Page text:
Personal injury and workers’ compensation are two types of injury cases in Illinois. Both can involve the same types of injuries, such as a slip and fall, a vehicle accident, or an injury caused by a machine or piece of equipment. The difference lies in the cause of the injury.
If your injury is caused by your job, it will be considered a workers’ compensation case. The main difference is that you will not file a lawsuit (the law actually prevents you from suing your employer after a work injury) but rather you will file a claim for benefits. Your employer likely has workers’ compensation insurance that pays workers who are hurt on the job.
If your injury is caused by a third party who is not your employer, it’s more likely a personal injury case. You can file a lawsuit against the party who is at fault. Proving fault is a major part of any personal injury lawsuit. In a workers’ compensation claim, however, fault is irrelevant. Your work injury could be your fault or your employer’s fault or no one’s fault. Benefits are available regardless, as long as you qualify otherwise.
The benefits available to injured workers are set by law. Benefits include payment of 100% of your medical bills, with no co-pays or out-of-pocket expenses, as well as a portion of your regular pay if you are unable to work. Wage-loss benefits are called temporary total disability (TTD) and amount to 2/3 of your average weekly wage. You can also get a settlement to compensate you for any permanent injury you have after your recovery is complete.
In an injury lawsuit you are asking the judge to order the other side to pay your damages, which include medical bills and lost wages, but also pain and suffering in many cases. A jury often decides what your case is worth. There are no juries in workers’ compensation cases.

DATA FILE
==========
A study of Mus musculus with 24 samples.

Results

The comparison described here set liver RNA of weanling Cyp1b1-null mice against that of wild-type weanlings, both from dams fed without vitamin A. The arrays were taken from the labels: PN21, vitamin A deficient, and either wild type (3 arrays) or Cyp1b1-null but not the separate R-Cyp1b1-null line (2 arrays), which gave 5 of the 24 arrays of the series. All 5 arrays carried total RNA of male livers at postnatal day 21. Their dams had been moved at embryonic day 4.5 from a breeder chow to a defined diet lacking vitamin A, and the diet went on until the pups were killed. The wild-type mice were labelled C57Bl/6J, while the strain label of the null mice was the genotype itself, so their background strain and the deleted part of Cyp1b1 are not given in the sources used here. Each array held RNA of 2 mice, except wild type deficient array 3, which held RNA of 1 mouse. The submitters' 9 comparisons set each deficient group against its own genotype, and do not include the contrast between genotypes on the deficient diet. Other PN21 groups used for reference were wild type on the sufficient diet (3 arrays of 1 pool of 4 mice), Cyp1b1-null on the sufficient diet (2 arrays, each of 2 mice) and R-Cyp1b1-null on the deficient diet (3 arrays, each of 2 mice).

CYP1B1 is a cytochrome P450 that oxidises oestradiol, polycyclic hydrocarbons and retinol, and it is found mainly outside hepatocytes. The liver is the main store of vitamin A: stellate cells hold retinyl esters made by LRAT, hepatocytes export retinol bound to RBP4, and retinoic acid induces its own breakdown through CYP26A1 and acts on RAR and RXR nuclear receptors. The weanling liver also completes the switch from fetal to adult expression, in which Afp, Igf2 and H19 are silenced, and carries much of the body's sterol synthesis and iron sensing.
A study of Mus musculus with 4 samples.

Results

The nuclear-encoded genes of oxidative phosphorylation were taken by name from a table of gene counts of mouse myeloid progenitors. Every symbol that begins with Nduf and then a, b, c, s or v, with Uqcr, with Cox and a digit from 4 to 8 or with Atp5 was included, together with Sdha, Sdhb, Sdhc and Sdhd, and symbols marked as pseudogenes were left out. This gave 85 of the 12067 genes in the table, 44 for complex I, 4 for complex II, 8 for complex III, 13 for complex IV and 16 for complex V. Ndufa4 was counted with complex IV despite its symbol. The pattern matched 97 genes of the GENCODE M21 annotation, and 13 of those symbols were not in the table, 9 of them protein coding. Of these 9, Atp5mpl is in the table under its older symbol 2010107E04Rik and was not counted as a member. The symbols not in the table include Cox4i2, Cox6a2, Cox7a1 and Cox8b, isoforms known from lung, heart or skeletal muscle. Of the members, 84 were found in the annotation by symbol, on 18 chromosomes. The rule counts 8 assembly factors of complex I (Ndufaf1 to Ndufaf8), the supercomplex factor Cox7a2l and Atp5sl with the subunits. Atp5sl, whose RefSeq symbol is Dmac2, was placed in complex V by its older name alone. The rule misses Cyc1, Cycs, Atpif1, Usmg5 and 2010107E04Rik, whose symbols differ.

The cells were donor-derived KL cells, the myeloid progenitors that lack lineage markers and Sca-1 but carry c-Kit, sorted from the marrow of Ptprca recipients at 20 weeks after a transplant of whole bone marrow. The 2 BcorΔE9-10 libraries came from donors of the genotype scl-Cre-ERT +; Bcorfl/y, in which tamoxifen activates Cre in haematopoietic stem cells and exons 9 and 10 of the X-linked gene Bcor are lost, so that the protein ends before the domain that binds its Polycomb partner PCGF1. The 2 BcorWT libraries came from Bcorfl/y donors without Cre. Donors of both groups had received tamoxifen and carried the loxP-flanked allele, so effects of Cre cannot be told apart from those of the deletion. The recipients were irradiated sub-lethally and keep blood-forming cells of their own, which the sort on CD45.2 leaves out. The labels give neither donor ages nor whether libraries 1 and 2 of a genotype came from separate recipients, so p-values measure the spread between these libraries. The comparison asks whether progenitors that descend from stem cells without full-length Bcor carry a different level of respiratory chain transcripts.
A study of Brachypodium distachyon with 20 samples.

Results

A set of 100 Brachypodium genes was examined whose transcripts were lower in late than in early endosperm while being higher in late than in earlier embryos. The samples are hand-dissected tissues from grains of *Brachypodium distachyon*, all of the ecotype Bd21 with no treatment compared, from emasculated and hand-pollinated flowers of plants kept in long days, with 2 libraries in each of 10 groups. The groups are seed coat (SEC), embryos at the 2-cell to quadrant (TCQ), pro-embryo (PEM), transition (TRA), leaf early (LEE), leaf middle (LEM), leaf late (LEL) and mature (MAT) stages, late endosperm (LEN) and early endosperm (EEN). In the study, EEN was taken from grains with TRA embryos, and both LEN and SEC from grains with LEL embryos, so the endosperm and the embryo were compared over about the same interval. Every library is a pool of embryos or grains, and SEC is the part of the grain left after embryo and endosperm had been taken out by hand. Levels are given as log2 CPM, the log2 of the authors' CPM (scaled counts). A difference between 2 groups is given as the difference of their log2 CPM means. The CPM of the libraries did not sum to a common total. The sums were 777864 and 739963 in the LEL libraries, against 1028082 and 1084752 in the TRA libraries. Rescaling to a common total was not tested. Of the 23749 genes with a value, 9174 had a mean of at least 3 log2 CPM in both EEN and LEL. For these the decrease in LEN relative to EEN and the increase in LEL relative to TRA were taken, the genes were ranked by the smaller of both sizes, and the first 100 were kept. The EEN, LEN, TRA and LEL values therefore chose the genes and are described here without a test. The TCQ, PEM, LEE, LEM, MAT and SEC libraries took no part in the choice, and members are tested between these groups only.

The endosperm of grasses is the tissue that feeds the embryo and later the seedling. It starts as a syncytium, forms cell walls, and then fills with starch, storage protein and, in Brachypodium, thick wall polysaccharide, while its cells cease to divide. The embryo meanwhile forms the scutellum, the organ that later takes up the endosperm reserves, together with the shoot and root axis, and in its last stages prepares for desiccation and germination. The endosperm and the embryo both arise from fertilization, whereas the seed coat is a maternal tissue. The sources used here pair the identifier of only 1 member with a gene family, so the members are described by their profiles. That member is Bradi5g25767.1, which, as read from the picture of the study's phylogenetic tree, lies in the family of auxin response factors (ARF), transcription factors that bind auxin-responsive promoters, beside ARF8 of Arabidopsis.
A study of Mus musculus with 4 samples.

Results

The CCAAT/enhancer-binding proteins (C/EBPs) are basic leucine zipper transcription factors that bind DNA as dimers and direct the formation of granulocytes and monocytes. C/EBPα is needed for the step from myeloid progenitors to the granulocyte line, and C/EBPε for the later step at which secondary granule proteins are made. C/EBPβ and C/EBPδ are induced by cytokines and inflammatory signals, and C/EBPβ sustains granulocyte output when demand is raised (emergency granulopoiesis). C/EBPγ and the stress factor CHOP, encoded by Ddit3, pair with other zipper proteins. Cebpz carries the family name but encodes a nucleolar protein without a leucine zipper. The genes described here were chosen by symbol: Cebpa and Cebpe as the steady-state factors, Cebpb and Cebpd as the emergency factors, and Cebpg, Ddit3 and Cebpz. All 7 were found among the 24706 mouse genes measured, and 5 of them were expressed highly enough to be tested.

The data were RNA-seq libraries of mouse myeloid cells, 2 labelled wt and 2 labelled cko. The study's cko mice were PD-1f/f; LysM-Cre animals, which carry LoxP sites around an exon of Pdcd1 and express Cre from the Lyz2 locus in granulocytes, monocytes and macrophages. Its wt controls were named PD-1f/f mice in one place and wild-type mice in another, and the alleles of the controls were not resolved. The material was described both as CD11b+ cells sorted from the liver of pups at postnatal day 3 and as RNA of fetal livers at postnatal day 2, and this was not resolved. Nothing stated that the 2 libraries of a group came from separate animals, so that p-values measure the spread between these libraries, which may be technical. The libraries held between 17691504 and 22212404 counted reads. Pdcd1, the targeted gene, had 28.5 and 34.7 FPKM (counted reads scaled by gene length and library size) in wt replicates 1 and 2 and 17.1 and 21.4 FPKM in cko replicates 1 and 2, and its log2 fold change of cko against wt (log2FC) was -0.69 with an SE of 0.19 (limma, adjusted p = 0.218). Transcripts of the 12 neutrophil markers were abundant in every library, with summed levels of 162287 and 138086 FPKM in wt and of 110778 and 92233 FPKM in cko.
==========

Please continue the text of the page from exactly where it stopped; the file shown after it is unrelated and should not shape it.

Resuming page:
Both types of cases have an impartial third party to handle disputes during the case and make final rulings after trial if there is one. In an injury lawsuit, this is the judge (and jury). In a workers’ compensation case, you have an arbitrator who is similar to a judge.
While some personal injury attorneys might handle workers’ compensation cases and vice versa, it’s better to hire an attorney who focuses on one or the other. Your workers’ compensation attorney, for example, should know the arbitrator in your case because they are at the hearing site often and handling a lot of similar cases.
Both types of cases have strict deadlines in Illinois. For a personal injury, the statute of limitations is two years from the date of injury. For workers’ comp, the statute of limitations is three years from the date of injury or two years from the date of your last payment of benefits, if any.